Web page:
Today, the National Energy Board recommended the approval of the Trans Mountain pipeline and tankers project.
The report found that the project would have “adverse effects on southern resident killer whales” and that greenhouse gas emissions from tankers would be ‘significant’ — but they approved it anyway. It would be shocking, except we expect nothing less from an industry-entangled regulator that has never turned down a project.
Today’s announcement is bad news for all of us who support Indigenous rights, understand climate change is real, and are committed to making sure Trans Mountain never gets built at all.
According to intervenors, environmental organizations and citizens groups, the latest NEB review repeated the same mistakes as previous reviews that landed the federal government in court. Rueben George, spokesperson for Tsleil-Waututh Nation’s Sacred Trust Initiative, said in a statement, “The ridiculously short timeline, the limited scope of the review, and limited testing of evidence made this re-do even worse than the first hearing.”
Eugene Kung, Staff Lawyer with West Coast Environmental Law Association, agrees. “The Federal government forced a flawed and fast tracked process that failed to review what the Federal Court of Appeal requested.”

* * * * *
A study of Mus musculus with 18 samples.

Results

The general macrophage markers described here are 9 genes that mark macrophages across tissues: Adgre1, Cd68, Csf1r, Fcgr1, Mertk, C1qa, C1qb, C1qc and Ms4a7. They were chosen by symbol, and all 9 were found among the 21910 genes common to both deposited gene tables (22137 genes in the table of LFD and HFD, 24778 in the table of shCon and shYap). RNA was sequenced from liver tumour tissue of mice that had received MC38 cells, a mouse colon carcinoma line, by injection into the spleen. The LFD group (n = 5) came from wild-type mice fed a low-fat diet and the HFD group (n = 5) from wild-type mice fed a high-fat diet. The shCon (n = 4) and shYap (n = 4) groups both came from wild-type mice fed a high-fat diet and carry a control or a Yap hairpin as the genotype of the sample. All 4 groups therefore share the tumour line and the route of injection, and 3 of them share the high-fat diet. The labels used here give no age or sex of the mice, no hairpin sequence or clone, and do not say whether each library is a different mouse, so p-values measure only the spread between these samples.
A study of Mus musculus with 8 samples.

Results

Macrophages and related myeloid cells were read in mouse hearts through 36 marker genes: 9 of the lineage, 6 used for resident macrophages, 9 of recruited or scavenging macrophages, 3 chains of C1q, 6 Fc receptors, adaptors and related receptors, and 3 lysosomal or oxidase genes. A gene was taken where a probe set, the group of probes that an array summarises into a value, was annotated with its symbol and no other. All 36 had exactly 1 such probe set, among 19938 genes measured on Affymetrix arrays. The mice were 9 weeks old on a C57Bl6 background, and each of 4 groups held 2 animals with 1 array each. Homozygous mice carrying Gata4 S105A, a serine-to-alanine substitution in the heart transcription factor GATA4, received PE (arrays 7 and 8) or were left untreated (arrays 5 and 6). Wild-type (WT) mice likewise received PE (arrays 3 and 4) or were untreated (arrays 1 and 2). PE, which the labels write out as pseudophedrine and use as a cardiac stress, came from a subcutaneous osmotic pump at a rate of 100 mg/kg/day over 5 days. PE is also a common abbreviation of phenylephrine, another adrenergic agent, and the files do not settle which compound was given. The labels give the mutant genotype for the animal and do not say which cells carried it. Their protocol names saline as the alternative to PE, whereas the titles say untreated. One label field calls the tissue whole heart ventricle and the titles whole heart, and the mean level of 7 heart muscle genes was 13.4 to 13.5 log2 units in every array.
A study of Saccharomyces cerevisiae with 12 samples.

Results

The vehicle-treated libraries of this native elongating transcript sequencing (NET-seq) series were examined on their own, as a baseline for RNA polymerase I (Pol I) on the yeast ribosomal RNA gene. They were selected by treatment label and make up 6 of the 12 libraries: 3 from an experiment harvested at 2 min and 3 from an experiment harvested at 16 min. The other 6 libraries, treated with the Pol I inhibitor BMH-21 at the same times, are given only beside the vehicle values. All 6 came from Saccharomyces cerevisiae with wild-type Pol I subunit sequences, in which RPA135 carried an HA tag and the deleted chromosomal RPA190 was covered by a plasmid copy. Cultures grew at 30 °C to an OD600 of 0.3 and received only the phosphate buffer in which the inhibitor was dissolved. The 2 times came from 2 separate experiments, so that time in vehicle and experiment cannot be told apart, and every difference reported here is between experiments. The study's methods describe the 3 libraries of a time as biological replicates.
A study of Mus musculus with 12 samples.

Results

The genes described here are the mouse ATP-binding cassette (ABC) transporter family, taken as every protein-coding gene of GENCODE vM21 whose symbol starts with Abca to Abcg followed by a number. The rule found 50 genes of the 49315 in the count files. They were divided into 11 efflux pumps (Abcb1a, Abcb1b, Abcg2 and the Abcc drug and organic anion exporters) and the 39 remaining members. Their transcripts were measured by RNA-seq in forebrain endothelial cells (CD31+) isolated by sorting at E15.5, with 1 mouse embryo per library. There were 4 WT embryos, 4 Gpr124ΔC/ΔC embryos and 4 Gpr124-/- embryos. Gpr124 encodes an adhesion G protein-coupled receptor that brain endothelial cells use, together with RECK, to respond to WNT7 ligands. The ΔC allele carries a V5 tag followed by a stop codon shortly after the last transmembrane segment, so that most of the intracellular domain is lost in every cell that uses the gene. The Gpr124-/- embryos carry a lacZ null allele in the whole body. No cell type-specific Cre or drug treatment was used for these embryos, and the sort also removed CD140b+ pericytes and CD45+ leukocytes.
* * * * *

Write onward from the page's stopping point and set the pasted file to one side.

“The search for a quick fix is exactly the kind of thinking that got Canada into this mess in the first place,” says Kung. After this morning’s NEB recommendation, Kung says he’d be “very surprised” if their shoddy re-do isn’t challenged in court. Trudeau keeps repeating his mantra, that TMX is in the “best interest of all Canadians”, but many Indigenous People are saying otherwise.
So: what happens next?
The federal cabinet will mull over the NEB’s report — and continue consultations with Indigenous communities — before they make a decision on whether on not to proceed with building the Trans Mountain expansion. With political reputations staked — and 5.4 billion dollars sunk into purchasing the aging pipeline — we have a hunch that the government is going to greenlight the project.
That means we might just be getting the “Pull Together” band back together again.
In the event that legal challenges are launched, we want to be ready. Let Indigenous Nations opposed to Trans Mountain know you’re standing with them.
Failed (again) by a disingenuous consultation process, the only recourse left to Indigenous Peoples may be a fresh set of legal challenges. If that’s as likely as our legal experts predict, then we want to make sure that First Nations don’t have to draw on already thinly-stretched community resources to stand up for their rights.
Stay tuned for breaking news and updates on TMX by following Pull Together on Facebook, and get ready for Pull Together: The TMX Edition.